Rutgers Fraternity Helps Fight Cancer

The Amy Foundation held it is third annual “Walk for Diane” this Sunday in Buccleuch Park, New Brunswick.  The event raised dollars to pay for screening mammograms and ultrasounds at St. Peters and Robert Wood Johnson hospitals. More than 300 people participated and remembered Diane Goodwin, who after a remarkable 16-year struggle against Stage IV breast cancer, died in 2009.  On a perfect technicolor fall morning, money was raised to pay for more than 250 mammograms.

It is clear why the family and friends of Diane come out for this event. They remember the positive attitude she brought to the battle and the “good life” she lead during all those years.   I understand the motivation of the doctors, nurses and staff of local hospitals who walked.  Finally, the commitment of survivors or family that have suffered from breast cancer is obvious.  What amazed me was the dominant involvement of students from Rutgers University.

The Kappa Sigma Fraternity was out in force and demonstrated major support for the Amy Foundation and it’s mission to fight breast cancer.  This was the third fall Amy Foundation event that the Fraternity has helped sponsor.  First, they held a fund raising breakfast.  Then they held a Super Smash Bros. Brawl Tournament (a Wii game, which admittedly I had to look up).   And, finally, in this their biggest event, they marched.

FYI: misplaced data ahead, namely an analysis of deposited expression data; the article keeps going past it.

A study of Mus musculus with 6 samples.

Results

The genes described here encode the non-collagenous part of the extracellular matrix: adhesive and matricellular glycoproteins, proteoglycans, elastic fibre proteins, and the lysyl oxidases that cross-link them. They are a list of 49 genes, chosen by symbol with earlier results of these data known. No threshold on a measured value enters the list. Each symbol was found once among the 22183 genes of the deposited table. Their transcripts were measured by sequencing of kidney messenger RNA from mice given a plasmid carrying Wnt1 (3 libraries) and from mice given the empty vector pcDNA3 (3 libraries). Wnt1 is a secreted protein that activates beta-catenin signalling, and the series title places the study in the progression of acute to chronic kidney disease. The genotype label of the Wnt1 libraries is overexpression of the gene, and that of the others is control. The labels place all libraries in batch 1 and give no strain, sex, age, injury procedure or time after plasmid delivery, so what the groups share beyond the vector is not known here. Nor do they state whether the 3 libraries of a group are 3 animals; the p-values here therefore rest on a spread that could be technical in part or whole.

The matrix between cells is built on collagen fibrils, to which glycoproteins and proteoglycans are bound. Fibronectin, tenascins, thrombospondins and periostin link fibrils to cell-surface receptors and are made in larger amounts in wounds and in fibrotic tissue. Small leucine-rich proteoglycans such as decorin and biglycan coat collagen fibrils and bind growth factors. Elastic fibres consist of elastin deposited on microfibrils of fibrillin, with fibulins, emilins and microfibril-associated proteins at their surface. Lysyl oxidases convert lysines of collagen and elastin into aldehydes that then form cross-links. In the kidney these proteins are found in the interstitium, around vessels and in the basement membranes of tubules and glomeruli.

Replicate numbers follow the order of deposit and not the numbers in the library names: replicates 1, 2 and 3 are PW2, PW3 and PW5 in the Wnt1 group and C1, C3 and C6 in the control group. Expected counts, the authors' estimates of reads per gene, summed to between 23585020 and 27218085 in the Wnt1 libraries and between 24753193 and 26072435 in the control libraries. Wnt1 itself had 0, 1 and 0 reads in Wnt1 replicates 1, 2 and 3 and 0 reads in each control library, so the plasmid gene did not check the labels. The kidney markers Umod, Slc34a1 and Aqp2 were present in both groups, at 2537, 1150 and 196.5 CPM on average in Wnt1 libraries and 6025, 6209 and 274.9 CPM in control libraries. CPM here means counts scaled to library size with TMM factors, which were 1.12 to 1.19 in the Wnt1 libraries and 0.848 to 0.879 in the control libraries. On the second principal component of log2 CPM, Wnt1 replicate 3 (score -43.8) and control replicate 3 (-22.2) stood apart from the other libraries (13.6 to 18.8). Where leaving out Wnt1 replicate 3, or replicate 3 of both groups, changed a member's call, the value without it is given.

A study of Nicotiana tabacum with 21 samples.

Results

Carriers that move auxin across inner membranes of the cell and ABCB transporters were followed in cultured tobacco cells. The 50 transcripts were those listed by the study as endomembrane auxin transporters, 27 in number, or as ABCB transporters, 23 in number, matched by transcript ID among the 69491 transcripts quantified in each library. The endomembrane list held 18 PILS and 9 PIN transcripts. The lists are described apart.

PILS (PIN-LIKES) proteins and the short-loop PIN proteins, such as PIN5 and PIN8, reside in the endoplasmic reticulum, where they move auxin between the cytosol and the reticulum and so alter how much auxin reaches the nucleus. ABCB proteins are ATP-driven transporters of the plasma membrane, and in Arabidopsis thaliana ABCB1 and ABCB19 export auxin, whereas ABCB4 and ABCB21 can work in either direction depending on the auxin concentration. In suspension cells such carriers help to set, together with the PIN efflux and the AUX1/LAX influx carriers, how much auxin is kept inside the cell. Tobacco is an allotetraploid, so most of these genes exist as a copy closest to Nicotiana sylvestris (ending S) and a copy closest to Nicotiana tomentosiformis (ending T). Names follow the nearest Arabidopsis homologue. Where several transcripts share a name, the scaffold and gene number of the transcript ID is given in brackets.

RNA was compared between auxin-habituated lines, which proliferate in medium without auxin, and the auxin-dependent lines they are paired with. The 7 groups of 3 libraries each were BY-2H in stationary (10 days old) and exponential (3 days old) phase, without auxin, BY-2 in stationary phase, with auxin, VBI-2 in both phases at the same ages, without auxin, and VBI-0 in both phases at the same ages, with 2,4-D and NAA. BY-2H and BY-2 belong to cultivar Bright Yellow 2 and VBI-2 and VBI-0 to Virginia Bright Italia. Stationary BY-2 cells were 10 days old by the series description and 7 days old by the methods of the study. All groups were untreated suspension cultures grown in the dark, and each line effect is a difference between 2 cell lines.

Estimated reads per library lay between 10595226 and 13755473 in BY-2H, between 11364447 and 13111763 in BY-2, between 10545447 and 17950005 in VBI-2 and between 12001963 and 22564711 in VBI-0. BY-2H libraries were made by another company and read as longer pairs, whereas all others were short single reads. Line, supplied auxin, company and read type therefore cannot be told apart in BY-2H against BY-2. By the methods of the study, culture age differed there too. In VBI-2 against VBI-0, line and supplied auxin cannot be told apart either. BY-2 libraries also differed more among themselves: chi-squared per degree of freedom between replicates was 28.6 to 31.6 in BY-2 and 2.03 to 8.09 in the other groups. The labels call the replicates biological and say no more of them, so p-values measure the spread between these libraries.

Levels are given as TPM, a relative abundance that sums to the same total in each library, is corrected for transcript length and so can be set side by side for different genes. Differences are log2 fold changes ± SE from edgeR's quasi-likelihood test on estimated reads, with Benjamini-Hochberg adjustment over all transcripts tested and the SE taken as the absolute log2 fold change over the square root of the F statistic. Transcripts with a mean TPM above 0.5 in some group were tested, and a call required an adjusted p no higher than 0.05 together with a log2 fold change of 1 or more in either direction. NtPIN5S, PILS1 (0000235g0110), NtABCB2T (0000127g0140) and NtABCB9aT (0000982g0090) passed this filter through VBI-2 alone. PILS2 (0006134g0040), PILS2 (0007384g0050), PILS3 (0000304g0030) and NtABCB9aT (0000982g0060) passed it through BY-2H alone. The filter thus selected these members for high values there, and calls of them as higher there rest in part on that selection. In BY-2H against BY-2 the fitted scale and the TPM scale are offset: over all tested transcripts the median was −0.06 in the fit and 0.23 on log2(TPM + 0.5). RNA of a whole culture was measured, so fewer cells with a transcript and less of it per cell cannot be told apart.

Joined by sorority sisters from Phi Sigma Sigma and Tau Beta Pi, more then 40 Kappa Sigma’s got up early on Sunday morning (a not minor sacrifice for the college crowd) and Walked for Diane.  They used their personal and online connections to raise more then $5,000.   In our community, by their effort, mammograms will be performed to protect women who could not otherwise afford this life saving test.  Somewhere, not far from the idyllic park setting where the Rutgers Walkers spent their morning, may be a woman whose life will be saved as a direct result of their efforts.

With all the confusion and angst, which is modern society, it is inspiring to see young people coming out to help.  Most of them have no personal stake in the battle against breast cancer.  It shows personal and fraternal commitment to society and a willingness to work together that is reassuring and inspiring.

Salim Short, Service Chair for Kappa Sigma, observed that community service is an obligation of the Fraternity and helps bring its members together. I suspect that even more such involvement helps connect our entire society.  Their communal bond offers hope in the battle against breast cancer. These fine young men and women honor Diane Goodwin’s memory.